Sipah-e-Sahaba Pakistan (SSP, سپاہِ صحابہؓ پاکستان, Guardians of the Prophet's Companions), renamed to Millat-e-Islamia, is a Muslim organisation in Pakistan, which also functioned as a political party. It broke away from the main Deobandi Sunni organisation Jamiatul Ulema-e-Islam in 1985. Established in Jhang by Haq Nawaz Jhangvi, it was banned by President Pervez Musharraf in 2002 as a terrorist organisation under the Anti-Terrorism Act of 1997. The fact based account is presented in the book In the Line of Fire: A Memoir by Pervez Musharraf. In March 2012, the government of Pakistan banned Sipah-e-Sahaba again. The government of the United Kingdom banned the group earlier in 2001.
|سپاہِ صحابہؓ پاکستان|
|Leaders||Muhammad Ahmed Ludhianvi|
|Colors||Black, White, Red, green|
Their main current front is the Pakistan Rah-e-Haq Party, which they contested the 2018 general elections with and the 2020 Gilgit-Baltistan Assembly elections with.
Sipah-e-Sahaba Pakistan was formed in 1985 by Haq Nawaz Jhangvi, Zia ur Rehman Farooqi, Isar-ul-Haq Qasmi and Azam Tariq in 1985 originally as Anjuman Sipah-e-Sahaba in Jhang, Pakistan. The original purpose was to fight Shi'ite landlords dominance in Jhang and surrounding areas in a majority Sunni population. Later, they became violent and started to attack Shi'ite Muslims. From 1980s, they are involved in various terrorist activities and murder of thousands of Shi'ites. They are operating all over Pakistan and are politically active having large vote bank in Punjab and Khyber Pakhtunkhwa (KP). They are widely organized and have more than five hundred offices throughout country.
In 2002, Pervez Musharraf government declared the group as terrorist organization and was banned. However, later, they renamed it and launched it under the name of Millat-e-Islamia Pakistan. They were again banned in 2003. After the death of Azam Tariq , Muhammad Ahmed Ludhianvi was selected as the president.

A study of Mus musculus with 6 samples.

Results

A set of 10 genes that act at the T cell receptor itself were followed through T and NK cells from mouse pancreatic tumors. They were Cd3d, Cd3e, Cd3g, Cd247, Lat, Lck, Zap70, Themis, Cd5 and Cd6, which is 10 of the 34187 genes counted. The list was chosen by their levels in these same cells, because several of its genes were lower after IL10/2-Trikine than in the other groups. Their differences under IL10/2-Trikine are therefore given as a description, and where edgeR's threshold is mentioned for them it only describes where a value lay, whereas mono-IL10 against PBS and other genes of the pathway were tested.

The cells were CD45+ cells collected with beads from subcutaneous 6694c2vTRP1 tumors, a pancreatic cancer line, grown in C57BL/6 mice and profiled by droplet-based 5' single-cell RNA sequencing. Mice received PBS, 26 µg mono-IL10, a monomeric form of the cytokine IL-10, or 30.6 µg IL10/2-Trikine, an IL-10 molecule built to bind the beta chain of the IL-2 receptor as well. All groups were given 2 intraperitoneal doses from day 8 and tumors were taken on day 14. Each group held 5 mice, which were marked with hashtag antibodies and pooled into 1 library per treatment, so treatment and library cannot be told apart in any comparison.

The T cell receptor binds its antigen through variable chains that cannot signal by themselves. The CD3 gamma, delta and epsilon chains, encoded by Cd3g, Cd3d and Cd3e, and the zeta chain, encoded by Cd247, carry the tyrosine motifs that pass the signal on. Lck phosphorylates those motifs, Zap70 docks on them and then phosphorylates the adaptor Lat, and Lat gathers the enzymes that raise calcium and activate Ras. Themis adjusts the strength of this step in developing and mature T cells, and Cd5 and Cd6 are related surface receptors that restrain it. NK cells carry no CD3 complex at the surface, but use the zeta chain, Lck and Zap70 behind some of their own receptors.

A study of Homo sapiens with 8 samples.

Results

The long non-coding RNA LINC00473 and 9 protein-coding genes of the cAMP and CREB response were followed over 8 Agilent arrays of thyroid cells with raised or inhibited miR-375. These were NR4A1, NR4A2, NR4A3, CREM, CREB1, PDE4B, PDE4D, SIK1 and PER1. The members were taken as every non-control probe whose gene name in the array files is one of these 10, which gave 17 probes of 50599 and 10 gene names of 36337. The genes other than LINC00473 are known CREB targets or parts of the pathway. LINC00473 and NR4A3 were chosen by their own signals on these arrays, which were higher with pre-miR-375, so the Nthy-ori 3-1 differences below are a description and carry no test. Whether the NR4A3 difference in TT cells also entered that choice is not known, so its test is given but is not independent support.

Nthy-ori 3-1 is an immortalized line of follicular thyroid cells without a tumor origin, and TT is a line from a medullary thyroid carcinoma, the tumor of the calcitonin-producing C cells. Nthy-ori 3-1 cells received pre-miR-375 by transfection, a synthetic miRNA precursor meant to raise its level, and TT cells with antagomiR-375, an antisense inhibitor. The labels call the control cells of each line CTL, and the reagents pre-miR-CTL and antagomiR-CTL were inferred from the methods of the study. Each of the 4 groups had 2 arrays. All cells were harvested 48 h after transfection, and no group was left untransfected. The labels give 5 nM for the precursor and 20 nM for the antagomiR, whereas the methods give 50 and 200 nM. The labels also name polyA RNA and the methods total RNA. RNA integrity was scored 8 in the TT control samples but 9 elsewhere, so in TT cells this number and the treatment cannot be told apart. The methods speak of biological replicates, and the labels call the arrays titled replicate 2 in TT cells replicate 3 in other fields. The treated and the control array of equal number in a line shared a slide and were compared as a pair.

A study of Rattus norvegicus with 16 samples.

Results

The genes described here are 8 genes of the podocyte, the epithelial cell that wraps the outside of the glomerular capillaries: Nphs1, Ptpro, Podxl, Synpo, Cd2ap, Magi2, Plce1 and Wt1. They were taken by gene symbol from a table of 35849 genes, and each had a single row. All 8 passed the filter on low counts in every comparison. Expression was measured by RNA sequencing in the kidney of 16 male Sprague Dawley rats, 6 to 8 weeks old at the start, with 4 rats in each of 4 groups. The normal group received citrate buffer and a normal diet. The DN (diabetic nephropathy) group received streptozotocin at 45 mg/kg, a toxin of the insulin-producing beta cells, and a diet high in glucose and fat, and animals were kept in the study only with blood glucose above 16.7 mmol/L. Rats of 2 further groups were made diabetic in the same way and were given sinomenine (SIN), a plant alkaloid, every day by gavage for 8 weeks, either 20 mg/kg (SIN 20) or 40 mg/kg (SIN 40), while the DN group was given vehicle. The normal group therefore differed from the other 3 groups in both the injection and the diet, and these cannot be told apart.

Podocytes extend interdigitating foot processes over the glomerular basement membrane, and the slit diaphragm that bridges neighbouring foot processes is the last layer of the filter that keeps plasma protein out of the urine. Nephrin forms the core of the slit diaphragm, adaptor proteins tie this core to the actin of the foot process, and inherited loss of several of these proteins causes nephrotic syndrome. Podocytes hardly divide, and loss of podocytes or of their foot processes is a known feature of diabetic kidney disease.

When Jhangvi was assassinated in 1990 by presumed Shi'a militants, Zia ur Rehman Farooqi assumed leadership of the group. Zia ur Rehman Farooqi died in a bomb explosion on 19 January 1997 at the Lahore Session Court. After his death, Azam Tariq led the group until October 2003, when he was also killed in an attack widely attributed to the militant Shi'a organization Sipah-e-Muhammad, along with four others.
Its leader (sarparast-aala), Ali Sher Haideri, was killed in an ambush in 2009. Then Muhammad Ahmed Ludhianvi was selected as sarparast-e-aala with Aurangzaib Farooqi as the president of the organization.
The organization has 500 offices and branches in all provinces of Pakistan including Kashmir and Gilgit-Baltistan. It also has approximately 300,000 registered workers in Pakistan and 17 branches in countries including the United Arab Emirates, Saudi Arabia, Bangladesh, Canada and the United Kingdom.
Its regular publications include the monthlies Khilafat-e-Rashida, Aab-e-Hayat and Genius.
- In October 2000, Masood Azhar, founder of the banned Jaish-e-Mohammed, was quoted as saying that "Sipah-e-Sahaba stands shoulder to shoulder with Jaish-e-Muhammad in Jihad." A leaked U.S. diplomatic cable described it as "another Sipah-e-Sahaba breakaway Deobandi organisation."
- A diplomatic cable, originally dated October 23, 2009 and later leaked to the media, from the U.S. embassy in Islamabad indicated that Qari Hussain, a leading militant of the Tehrik-i-Taliban Pakistan, had roots in the defunct Sipah-e-Sahaba and that many of the Taliban's foot soldiers are from Sipah-e-Sahaba ranks.
- According to Animesh Roul, Ahle-Sunnat-Wal-Jamat is a front group for SSP, and is also banned in Pakistan.